Historically the first two months of a new global virus have been a good opportunity to buy stocks. This also applies to the new Coronavirus, COVID19.

Markets behave a bit like in a small recession. But recessions is the moment when stock investors make money.

Long-Term Profits Decide

One should still remember that even if short-term profits decline,only the expected long-term profits finally decide about share prices.
And there the virus does not have an influence.

Virus Symptoms and Symptoms of Declining short-term Profits


via Mark Decambre, Market Watch


However, gauged by the market’s performance during the onset of other infectious diseases, including SARS, or severe acute respiratory syndrome, Ebola and avian flu, Wall Street investors may have little to fear that the pathogen will sicken a U.S. stock market that finished 2019 with the best annual return in years and finished Thursday trade at all-time highs.

That said, many investors are recommending caution amid the current bout of coronavirus that was reportedly first identified late last year in Wuhan City, China. The ability of the virus to halt travel and harm consumption, particularly in Beijing, are some of the ways an outbreak is likely to have economic implications that could wash up on U.S.

Epidemics and Stock Markets since 1981

“Risk velocity – the pace at which major risks and ‘black swan’ events can affect asset prices – is elevated in today’s markets compared to 10 years ago for three key reasons,” said Seema Shah, chief strategist at Principal Global Investors, in a research note, referring to the theory for the impact of unexpected events on markets and economies, popularized by Nassim Nicholas Taleb in his book The Black Swan: The Impact of the Highly Improbable.

The strategist said a social-media driven news cycle, the interconnectedness of global supply chains and a pricey stock market, make Wall Street more vulnerable to a black swan.

“External shocks can derail economic trends and abruptly alter market sentiment. Not all risk is economic policy or monetary,” wrote David Kotok, chairman and CIO at money manager Cumberland Advisors, in a recent research note.



12-MONTH % 


Overlaid by 
HIV/AIDS Jun-81 -0.3 -16.5
Pneumonic plague Sep-94 8.2 26.3
SARS April 2003 14.59 20.76 Iraqi War
Avian flu Jun-06 11.66 18.36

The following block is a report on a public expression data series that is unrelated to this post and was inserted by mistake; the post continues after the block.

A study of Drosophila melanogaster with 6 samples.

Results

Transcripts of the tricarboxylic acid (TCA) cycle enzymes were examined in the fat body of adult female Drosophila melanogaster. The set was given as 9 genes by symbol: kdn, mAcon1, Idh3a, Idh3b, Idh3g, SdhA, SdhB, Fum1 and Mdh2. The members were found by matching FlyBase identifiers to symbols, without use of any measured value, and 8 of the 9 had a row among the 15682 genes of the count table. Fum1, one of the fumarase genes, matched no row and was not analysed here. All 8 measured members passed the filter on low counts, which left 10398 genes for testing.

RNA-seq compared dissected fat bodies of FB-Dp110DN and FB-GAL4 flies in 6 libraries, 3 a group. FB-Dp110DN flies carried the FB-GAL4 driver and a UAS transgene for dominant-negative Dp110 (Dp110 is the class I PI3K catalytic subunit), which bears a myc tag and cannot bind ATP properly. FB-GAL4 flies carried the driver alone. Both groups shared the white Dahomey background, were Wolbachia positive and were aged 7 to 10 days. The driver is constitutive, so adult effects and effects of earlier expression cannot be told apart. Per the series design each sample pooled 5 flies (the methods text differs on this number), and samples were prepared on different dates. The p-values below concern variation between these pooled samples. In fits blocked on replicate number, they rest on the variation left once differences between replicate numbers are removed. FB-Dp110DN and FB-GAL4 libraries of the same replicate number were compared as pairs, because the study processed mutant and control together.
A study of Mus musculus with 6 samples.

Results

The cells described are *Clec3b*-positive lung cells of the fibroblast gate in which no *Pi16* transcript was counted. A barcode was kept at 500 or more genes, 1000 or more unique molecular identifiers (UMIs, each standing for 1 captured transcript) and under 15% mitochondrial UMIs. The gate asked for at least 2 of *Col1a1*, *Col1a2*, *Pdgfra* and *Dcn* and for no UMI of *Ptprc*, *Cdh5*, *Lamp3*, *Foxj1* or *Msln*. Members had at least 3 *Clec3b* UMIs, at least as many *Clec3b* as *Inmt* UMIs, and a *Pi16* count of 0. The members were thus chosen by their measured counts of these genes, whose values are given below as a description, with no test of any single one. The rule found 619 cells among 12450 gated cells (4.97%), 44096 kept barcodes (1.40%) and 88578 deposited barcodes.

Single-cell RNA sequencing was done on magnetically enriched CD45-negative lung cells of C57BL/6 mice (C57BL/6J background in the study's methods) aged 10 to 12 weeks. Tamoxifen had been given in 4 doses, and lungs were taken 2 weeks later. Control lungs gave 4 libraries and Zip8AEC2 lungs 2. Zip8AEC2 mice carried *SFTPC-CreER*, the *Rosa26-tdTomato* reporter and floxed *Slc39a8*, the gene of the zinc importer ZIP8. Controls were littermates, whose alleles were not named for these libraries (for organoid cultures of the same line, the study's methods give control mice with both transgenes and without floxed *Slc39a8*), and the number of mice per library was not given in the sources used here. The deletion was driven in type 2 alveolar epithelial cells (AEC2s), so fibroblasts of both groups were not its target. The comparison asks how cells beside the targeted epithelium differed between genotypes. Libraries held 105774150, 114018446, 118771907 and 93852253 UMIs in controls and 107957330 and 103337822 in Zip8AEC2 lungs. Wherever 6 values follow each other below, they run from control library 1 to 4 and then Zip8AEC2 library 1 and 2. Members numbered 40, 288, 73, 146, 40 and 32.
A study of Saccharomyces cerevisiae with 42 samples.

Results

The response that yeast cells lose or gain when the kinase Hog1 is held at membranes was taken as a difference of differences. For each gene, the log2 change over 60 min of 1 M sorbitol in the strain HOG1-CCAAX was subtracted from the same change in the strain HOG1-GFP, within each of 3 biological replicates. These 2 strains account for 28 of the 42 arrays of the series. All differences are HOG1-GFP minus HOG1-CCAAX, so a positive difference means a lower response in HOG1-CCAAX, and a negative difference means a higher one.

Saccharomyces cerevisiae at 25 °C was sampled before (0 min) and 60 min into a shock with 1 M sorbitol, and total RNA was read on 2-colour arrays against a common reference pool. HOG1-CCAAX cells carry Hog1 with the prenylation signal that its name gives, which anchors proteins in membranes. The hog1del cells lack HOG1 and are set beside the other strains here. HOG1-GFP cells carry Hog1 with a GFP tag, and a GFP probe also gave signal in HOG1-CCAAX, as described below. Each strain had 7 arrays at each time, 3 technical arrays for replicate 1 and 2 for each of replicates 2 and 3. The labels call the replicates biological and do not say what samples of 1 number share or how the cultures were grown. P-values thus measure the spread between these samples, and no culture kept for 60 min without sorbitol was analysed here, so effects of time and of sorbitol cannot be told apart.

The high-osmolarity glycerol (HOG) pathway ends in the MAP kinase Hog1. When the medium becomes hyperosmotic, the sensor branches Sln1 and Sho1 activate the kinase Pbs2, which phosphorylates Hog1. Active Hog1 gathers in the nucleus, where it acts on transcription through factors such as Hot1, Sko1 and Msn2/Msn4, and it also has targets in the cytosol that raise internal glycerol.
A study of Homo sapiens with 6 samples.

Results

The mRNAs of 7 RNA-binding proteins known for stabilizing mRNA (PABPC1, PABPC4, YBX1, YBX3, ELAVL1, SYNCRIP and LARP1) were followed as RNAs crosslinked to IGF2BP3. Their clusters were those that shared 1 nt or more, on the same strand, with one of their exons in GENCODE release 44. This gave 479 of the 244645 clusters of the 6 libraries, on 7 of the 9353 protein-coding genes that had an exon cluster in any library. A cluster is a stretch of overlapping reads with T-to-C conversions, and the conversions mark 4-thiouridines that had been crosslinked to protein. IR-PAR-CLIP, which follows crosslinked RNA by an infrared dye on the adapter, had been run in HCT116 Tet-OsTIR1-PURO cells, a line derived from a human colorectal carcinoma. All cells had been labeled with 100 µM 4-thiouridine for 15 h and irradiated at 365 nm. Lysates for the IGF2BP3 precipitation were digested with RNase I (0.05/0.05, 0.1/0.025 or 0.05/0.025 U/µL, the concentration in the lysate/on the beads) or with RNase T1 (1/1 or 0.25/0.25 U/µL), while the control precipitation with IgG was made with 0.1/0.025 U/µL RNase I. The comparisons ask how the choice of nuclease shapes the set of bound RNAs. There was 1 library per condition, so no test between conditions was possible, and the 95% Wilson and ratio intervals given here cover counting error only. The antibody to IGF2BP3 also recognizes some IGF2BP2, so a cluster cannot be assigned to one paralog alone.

Dengue Fever Sep-06 6.36 14.29
Swine flu April 2009 18.72 35.96
Cholera Nov-10 13.95 5.63
MERS May-13 10.74 17.96
Ebola Mar-14 5.34 10.44
Measles/Rubeola Dec-14 0.2 -0.73
Zika Jan-16 12.03 17.45
Measles/Rubeola Jun-19 9.82% N/A


The Spanish Flu

The most important global epidemic in the last century, however was the Spanish flu. It killed up to 100 million people.

Switzerland counted 25.000 deads.



The Spanish Flu and Stock Markets


via Bespoke Investment Group:


The 1918 Spanish Flu was a global flu pandemic that affected nearly half of the world’s population at the time (or up to one billion people).  The 1918 outbreak was the worst of the 20th century, and it fell under the H1N1 virus subtype, which is the same subtype as the current swine flu outbreak.  It’s estimated that the 1918 flu killed anywhere from 20 million to 100 million people, which would have equaled a mortality rate of 2.5%-5% of those infected.

The 2009 swine flu is still new to the public, but it is beginning to stoke fear since 152 people have died from it in Mexico as of now.  The current swine flu is nowhere near as bad as the 1918 flu pandemic, but we thought we’d look at what the US stock market did during that outbreak period.

The 1918 Influenza that highlights deaths per 1,000 people infected with influenza and/or pneumonia, and overlayed a chart of the Dow Jones Industrial Average.  There were three pandemic waves from 1918-1919, with the worst coming from October to December of 1918.  While fear of the flu was widespread, the market really didn’t react too badly.  Following the first pandemic wave, the market sold off a little bit, but then rallied during the summer months before topping out prior to the second wave.  The market trended downward during the worst wave of the flu outbreak, but it only went down 10.9% from peak to trough, and then it rallied significantly during and following the third wave.  World War I was also coming to an end in late 1918, so the end of the pandemic and the war probably contributed to the subsequent rally in stocks.

George Dorgan
George Dorgan (penname) predicted the end of the EUR/CHF peg at the CFA Society and at many occasions on and on this blog. Several Swiss and international financial advisors support the site. These firms aim to deliver independent advice from the often misleading mainstream of banks and asset managers. George is FinTech entrepreneur, financial author and alternative economist. He speak seven languages fluently.